Scrappage policy details announced, to be voluntary
The Central Government has announced some of the finer points of the vehicle scrappage policy, as detailed by Union Minister for Road, Transport and Highways Nitin Gadkari. These span the incentives for scrapping an old vehicle, as well as disincentives for re-registering an older vehicle, or getting its fitness certificate passed. Importantly, the scrappage policy will be voluntary, and owners of commercial vehicles over 15 years of age, and private vehicles over 20 years of age can choose to continue to run their vehicles on the road if they pass the new fitness tests proposed, the rules for which come into effect from October 1st 2021.
The new fitness tests will carry heavier charges, as will the issuance of fitness certificates, and re-registration charges (up to eight times higher for private vehicles, up to 62 times higher for CV) will be increased as well to dissuade the running of older vehicles. Vehicles failing to renew the FC will be de-registered, and declared as an 'end of life vehicle'. Mandatory testing for heavy commercial vehicles will come into effect by April 1st 2023, while for other private vehicles it's expected to start in phases from June 1st, 2024. Scrapping of government and PSU vehicles is set to begin from April 1st 2022.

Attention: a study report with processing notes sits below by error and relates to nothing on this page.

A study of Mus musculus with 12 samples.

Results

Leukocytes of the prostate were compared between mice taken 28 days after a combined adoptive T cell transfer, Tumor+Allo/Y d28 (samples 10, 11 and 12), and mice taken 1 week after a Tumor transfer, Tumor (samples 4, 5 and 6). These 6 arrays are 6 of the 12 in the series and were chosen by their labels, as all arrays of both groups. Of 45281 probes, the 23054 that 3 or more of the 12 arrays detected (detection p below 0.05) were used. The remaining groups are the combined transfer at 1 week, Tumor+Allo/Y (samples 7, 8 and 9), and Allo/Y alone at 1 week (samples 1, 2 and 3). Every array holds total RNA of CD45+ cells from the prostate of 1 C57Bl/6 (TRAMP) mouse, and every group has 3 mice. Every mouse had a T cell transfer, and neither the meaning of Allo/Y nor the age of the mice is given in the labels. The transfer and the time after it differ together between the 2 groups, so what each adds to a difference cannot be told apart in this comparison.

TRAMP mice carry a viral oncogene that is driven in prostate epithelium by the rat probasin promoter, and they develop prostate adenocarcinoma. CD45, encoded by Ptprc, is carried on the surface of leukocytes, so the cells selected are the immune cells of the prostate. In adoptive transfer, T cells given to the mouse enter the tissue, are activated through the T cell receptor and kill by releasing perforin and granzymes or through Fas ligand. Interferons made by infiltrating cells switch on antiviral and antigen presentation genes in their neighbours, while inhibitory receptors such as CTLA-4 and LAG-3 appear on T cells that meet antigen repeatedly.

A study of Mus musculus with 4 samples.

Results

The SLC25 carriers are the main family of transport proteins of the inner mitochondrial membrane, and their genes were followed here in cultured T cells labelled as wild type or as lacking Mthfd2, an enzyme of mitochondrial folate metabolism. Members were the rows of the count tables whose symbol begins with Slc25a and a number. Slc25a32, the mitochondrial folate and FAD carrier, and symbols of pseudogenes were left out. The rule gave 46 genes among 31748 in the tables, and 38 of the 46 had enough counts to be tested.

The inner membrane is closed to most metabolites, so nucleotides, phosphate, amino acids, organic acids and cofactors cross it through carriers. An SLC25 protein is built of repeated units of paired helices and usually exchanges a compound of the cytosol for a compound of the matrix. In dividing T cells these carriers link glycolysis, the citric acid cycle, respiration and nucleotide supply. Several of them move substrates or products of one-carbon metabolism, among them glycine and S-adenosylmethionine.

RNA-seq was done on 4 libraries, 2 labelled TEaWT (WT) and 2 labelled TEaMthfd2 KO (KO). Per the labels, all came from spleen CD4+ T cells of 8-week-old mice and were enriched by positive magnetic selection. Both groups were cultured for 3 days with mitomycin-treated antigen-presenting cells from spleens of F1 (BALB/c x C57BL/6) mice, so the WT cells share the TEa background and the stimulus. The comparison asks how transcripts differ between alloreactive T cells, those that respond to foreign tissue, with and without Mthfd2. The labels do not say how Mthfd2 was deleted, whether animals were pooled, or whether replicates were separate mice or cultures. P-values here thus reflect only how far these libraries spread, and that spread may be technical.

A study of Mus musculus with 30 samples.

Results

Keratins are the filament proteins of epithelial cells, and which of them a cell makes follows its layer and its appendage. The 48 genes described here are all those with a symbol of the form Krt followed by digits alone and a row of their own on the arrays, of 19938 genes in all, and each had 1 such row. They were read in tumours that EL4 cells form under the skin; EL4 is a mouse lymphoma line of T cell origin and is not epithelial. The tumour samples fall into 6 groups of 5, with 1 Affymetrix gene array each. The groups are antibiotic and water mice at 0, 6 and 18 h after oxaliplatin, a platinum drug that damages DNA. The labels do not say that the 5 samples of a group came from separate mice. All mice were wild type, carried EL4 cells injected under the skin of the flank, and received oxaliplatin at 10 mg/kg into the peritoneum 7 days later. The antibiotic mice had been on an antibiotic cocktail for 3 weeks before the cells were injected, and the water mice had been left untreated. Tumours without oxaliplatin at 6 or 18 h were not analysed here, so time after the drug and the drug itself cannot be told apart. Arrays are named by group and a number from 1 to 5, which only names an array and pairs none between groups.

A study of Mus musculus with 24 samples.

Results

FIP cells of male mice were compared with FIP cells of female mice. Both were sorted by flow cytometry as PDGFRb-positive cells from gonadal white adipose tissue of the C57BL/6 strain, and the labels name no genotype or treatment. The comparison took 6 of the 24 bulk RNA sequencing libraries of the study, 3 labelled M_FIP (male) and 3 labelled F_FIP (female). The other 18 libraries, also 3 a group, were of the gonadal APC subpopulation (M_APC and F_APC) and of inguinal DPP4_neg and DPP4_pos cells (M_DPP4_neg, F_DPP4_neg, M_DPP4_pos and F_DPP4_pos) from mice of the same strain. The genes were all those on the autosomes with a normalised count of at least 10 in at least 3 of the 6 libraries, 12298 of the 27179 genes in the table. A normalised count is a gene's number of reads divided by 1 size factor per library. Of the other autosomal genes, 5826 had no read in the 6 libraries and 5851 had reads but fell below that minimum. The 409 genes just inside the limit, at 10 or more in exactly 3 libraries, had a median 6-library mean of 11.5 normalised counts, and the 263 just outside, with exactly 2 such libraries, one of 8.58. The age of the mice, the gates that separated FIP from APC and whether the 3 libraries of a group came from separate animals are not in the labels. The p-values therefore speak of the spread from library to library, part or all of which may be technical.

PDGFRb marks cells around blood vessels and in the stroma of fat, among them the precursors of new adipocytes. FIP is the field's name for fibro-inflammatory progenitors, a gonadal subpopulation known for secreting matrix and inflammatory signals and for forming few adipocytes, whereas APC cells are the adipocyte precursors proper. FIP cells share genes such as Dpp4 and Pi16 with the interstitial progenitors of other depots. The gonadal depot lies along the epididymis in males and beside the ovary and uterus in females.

Elsewhere, as expected, new vehicle buyers will be offered incentives for scrapping their old vehicles, both from the automobile manufacturer side as well as from the scrapping centre. While the final discount on purchase of a new car when scrapping an old one is expected to vary from each manufacturer, it is estimated that the figure can be anywhere between 2-5 per cent of the cost of the new car. Similarly, the scrap value of the old car is estimated to be between 4-6 per cent of the ex-showroom price of the car when new. Further incentives are expected to range from a registration fee waiver on new cars, to a 25 per cent rebate on road tax for a new car purchase upon scrapping an old car for a new one.